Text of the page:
We’ve discussed Michael Mandel’s arguments on regulation in this space in the past. Mandel’s basic argument is that it isn’t discrete “dumb regulations” we should worry about. Rather, we need to be considered about how regulations shape the broader economic environment:
In particular, I’ve grown increasingly concerned about the accretion of regulations as a barrier to businesses bringing beneficial new technologies to market. The problem is that we don’t have a good mechanism for identifying and modifying regulations that are obsolete and burdensome.
This idea came to mind as I read Gary Fields and John Emshwiller in the Wall Street Journal on the proliferation of federal criminal laws:
The U.S. Constitution mentions three federal crimes by citizens: treason, piracy and counterfeiting. By the turn of the 20th century, the number of criminal statutes numbered in the dozens. Today, there are an estimated 4,500 crimes in federal statutes, according to a 2008 study by retired Louisiana State University law professor John Baker.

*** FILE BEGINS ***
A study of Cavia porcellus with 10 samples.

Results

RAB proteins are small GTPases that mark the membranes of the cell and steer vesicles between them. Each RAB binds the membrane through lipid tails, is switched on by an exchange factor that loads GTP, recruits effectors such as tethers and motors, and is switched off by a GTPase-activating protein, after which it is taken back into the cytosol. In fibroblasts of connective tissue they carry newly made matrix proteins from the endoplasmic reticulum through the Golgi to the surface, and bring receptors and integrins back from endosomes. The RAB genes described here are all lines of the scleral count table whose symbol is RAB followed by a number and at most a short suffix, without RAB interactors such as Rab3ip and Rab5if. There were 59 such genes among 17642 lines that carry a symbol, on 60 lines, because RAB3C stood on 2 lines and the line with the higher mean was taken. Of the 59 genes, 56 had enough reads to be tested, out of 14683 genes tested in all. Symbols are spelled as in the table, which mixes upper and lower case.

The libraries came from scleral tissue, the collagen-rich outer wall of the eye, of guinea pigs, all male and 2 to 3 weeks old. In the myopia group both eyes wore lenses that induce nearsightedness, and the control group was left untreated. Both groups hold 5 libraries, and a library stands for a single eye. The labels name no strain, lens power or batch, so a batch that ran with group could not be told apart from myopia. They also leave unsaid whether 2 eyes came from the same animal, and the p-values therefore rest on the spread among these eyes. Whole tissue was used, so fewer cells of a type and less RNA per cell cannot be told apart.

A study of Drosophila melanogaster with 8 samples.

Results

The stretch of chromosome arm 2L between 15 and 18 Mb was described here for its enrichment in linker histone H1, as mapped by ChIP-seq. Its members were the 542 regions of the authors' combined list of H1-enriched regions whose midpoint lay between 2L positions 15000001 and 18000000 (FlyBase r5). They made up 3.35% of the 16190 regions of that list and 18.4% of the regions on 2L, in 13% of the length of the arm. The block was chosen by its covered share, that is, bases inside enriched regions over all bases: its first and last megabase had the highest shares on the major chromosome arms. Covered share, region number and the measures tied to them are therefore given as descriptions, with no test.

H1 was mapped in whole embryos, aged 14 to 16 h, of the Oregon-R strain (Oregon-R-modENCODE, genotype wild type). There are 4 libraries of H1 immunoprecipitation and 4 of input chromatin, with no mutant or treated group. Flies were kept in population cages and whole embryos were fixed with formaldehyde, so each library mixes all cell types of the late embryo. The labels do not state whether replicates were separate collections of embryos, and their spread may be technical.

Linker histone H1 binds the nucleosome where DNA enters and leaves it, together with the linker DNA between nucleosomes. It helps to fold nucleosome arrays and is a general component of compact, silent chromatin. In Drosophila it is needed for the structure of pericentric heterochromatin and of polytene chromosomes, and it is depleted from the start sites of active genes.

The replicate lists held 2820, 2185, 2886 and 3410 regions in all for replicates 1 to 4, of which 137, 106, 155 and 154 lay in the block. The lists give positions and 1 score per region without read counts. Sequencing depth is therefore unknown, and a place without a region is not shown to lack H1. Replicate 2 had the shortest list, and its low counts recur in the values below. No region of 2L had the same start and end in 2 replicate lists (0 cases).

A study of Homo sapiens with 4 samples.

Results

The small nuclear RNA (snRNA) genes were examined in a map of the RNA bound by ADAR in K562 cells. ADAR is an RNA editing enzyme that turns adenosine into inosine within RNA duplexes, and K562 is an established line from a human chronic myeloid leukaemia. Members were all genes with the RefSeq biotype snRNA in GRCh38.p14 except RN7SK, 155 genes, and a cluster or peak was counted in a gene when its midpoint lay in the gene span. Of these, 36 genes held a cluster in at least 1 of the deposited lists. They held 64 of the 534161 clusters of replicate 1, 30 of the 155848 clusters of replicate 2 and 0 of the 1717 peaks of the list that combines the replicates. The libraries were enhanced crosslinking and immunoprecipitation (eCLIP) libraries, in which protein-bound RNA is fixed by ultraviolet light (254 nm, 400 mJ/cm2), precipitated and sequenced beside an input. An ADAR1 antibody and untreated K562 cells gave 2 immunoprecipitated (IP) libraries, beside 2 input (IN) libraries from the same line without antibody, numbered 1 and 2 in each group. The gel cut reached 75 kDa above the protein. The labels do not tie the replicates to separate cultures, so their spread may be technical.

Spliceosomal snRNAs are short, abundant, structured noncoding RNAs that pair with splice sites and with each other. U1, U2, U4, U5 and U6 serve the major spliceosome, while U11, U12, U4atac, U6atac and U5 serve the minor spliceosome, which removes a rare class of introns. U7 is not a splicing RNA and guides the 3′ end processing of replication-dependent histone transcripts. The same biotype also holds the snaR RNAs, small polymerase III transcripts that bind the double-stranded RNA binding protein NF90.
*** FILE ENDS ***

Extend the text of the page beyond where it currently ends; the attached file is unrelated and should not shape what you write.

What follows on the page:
There are also thousands of regulations that carry criminal penalties. Some laws are so complex, scholars debate whether they represent one offense, or scores of offenses.
What accounts for this extraordinary increases in the number of federal crimes?
There are many reasons for the rising tide of laws. It’s partly due to lawmakers responding to hot-button issues—environmental messes, financial machinations, child kidnappings, consumer protection—with calls for federal criminal penalties. Federal regulations can also carry the force of federal criminal law, adding to the legal complexity.
With the growing number of federal crimes, the number of people sentenced to federal prison has risen nearly threefold over the past 30 years to 83,000 annually. The U.S. population grew only about 36% in that period. The total federal prison population, over 200,000, grew more than eightfold—twice the growth rate of the state prison population, now at 2 million, according the federal Bureau of Justice Statistics.
I suspect that the explosion in the number of federal crimes has made our society more difficult to govern, and indeed that it has undermined its perceived legitimacy in many marginal communities.